Kaneshige Tōyō (1896-1967) was the first person certified as a Living National Treasure (Important Intangible Cultural Asset Holder) in the field of Bizen ware.

 

The Bizen ware at the time did not have the same life to it that modern Bizen ware has, and its popularity had bottomed out. Kaneshige was one of the people who helped resuscitate the popularity of Bizen ware. Several of his apprentices were also chosen as Living National Treasures, making his accolades in the field tremendous.

 

Kaneshige Tōyō The Man
There are 6 “Bizen ware families”, known as the kamamoto rokusei (“six potter families”). One of them is the Kaneshige family. Tōyō started making Bizen ware when he was apprenticed under his father Baiyō, whose specialty was handiworks (items like ornaments and ware that featured some crafty handwork).

 

At the time, Bizen ware was fighting for its life as times continued with no sales of ceramics. In the midst of this, Tōyō made mainly ornaments in the shape of flowers, birds, animals, humans, etc. As such, he began to be considered as the head figure of Bizen ware handiwork artists by the time he was in his early twenties.

 

Afterwards, his interests began to shift to the Bizen ware that was made in the Azuchi-Momoyama Period (1573-1603).

 

The Azuchi-Momoyama Period was when Bizen ware reached its peak. It was regarded as having artistic sense to go along with the tea culture of the time, and it had an active role in all sorts of situations. There is a phrase, Momoyama Bizen, that shows how highly-regarded Bizen ware was in this era.

 

However, its popularity would fall into decline upon entering the Edo Period (1603-1868). The severity of the decline can be gauged by the fact that the primary production of Bizen ware at the time was for piping.

 

With the end of the Edo Period and the rise of international trade, European culture flooded in, putting all Japanese cultural traditions in critical positions. However, movements to take another look at traditional Japanese culture picked up steam around the end of the First World War.

 

Coming out of this historical backdrop, Kaneshige Tōyō did research to recreate the Bizen ware of the Azuchi-Momoyama Period, when it was at the height of its glory. From the phrase, “Get back to Momoyama!”, this is known as the Momoyama Restoration.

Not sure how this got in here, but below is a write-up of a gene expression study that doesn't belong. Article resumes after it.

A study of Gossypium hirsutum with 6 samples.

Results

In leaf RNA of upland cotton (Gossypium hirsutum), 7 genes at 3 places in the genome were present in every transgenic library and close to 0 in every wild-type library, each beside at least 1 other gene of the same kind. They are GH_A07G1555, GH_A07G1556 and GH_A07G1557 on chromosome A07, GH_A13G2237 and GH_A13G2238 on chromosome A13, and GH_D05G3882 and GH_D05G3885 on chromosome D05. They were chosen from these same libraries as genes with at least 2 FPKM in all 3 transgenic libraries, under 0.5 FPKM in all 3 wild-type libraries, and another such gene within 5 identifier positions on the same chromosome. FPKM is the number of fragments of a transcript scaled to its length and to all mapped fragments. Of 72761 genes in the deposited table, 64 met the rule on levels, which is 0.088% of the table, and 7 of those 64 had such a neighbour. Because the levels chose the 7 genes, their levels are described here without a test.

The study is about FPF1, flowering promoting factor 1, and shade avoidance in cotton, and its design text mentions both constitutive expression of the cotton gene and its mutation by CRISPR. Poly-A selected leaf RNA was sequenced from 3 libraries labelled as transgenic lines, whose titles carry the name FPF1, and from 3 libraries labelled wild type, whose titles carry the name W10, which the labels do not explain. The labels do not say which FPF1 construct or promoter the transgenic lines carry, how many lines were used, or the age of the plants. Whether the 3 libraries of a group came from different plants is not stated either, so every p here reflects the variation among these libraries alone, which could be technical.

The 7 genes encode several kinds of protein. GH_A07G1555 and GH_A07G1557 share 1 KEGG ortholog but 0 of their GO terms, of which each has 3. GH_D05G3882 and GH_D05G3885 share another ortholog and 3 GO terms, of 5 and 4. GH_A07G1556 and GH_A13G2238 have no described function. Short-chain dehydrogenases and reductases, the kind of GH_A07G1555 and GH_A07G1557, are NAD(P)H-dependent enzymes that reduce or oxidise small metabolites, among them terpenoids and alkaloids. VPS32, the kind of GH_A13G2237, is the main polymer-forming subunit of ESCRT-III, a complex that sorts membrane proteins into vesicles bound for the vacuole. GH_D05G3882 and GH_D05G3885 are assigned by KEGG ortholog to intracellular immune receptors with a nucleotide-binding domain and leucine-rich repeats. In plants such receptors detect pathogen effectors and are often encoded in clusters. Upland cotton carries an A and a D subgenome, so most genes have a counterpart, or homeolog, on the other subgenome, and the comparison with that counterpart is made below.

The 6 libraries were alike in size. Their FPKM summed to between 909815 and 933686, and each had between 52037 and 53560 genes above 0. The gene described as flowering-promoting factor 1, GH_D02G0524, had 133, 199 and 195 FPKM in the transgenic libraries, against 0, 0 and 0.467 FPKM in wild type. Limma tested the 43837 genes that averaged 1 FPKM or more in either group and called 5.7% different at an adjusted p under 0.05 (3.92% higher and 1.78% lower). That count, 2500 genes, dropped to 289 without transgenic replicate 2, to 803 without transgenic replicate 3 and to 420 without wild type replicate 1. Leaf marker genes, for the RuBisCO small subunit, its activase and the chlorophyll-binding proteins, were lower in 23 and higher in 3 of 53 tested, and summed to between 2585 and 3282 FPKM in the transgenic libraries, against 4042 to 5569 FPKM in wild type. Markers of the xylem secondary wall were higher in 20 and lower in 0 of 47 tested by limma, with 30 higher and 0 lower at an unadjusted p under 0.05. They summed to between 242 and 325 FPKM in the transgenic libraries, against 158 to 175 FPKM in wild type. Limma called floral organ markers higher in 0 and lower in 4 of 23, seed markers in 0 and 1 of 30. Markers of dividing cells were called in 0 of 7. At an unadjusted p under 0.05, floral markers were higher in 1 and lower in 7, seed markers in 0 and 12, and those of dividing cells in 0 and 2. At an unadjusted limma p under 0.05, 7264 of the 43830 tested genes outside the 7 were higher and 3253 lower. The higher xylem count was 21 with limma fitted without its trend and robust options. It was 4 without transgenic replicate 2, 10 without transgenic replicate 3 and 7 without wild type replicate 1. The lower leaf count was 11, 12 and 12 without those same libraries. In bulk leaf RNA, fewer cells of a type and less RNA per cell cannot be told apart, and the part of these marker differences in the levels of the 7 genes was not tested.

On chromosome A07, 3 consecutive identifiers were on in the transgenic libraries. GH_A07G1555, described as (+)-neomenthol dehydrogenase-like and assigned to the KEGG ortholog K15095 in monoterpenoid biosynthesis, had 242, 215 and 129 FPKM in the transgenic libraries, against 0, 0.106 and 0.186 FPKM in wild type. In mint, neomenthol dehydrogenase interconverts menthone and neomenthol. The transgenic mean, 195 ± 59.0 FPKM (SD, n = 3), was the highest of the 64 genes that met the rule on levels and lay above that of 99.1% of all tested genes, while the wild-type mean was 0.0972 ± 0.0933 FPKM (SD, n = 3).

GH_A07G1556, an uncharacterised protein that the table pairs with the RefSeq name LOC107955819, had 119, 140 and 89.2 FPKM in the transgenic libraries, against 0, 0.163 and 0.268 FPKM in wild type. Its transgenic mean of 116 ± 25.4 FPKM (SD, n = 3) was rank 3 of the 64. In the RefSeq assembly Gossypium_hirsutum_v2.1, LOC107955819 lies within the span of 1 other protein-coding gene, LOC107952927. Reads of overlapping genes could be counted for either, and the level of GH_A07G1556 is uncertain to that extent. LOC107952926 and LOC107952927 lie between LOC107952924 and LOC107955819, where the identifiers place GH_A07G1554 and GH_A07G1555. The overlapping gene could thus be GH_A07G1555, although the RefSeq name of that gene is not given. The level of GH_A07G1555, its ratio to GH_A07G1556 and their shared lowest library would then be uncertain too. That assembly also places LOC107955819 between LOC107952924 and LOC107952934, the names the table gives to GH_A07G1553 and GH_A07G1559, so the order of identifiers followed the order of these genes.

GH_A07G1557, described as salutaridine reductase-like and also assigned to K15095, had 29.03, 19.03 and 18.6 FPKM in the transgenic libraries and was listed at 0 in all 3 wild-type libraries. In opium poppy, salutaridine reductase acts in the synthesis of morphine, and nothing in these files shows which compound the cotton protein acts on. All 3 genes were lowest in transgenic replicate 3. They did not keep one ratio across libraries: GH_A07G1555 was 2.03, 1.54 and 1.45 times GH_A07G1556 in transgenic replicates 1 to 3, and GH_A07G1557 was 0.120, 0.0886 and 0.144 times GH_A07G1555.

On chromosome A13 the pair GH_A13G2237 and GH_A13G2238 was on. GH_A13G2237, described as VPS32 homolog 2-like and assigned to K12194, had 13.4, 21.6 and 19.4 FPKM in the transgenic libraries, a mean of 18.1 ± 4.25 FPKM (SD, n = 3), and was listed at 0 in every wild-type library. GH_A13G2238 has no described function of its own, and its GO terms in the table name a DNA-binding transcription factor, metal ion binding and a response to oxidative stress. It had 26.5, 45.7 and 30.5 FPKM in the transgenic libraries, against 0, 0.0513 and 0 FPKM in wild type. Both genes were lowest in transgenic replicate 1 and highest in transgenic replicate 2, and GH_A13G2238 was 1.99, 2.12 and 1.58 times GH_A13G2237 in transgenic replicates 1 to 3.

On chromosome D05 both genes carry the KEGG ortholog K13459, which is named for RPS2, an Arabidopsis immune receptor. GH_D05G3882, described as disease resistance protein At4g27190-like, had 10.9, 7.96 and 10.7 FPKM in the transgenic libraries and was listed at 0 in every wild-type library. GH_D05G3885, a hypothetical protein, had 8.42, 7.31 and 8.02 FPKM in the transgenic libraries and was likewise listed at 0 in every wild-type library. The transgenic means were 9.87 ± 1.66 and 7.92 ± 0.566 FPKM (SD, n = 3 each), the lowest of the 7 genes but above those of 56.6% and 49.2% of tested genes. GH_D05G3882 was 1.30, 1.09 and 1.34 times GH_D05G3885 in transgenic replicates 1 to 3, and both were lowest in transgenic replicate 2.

It was this realization that, “Bizen ware’s true beauty is in the Bizen ware of the Azuchi-Momoyama Period,” that triggered Kaneshige to make such a determination.

 

The heart of Momoyama-style Bizen ware is the chatō (a container for tea). Chatō can also be argued to be the crown jewel of Momoyama Bizen. To recreate chatō, Tōyō learned the art of tea ceremony on his own, deepening his understanding of the tools involved.

 

Observing actual Momoyama Bizen was also important, so Tōyō went around to people in cultural circles and had them show him Bizen ware made in the Momoyama Era, and even went so far as to institute a research group. From there, he would proceed with studies on clay development, potter’s wheels, kiln firing, etc., in order to recreate Momoyama Bizen.

 

In this manner, it is said that he succeeded in creating Momoyama-style Bizen ware before World War II.

 

In addition, he also devised ingenious ways for kiln loading. The distinct Bizen ware designs are referred to as kamahen. Presently, these designs are made intentionally through artificial means, though at the time such technology did not exist, and there was nothing to do but rely on chance.

 

Consequently, Tōyō did research on how to make kamahen scientifically, not by chance. For example, by overlaying and firing plates, he succeed in creating hidasuki where vivid red lines appear on the work. All Bizen ware artisans active today are reaping the benefits of Kaneshige Toyo’s breakthroughs.

 

Then, in 1956, he was elected as the first Living National Treasure for Bizen ware. Later on he would hold private exhibitions overseas, be invited as a lecturer to the University of Hawaii, and contribute in a wide variety of other areas.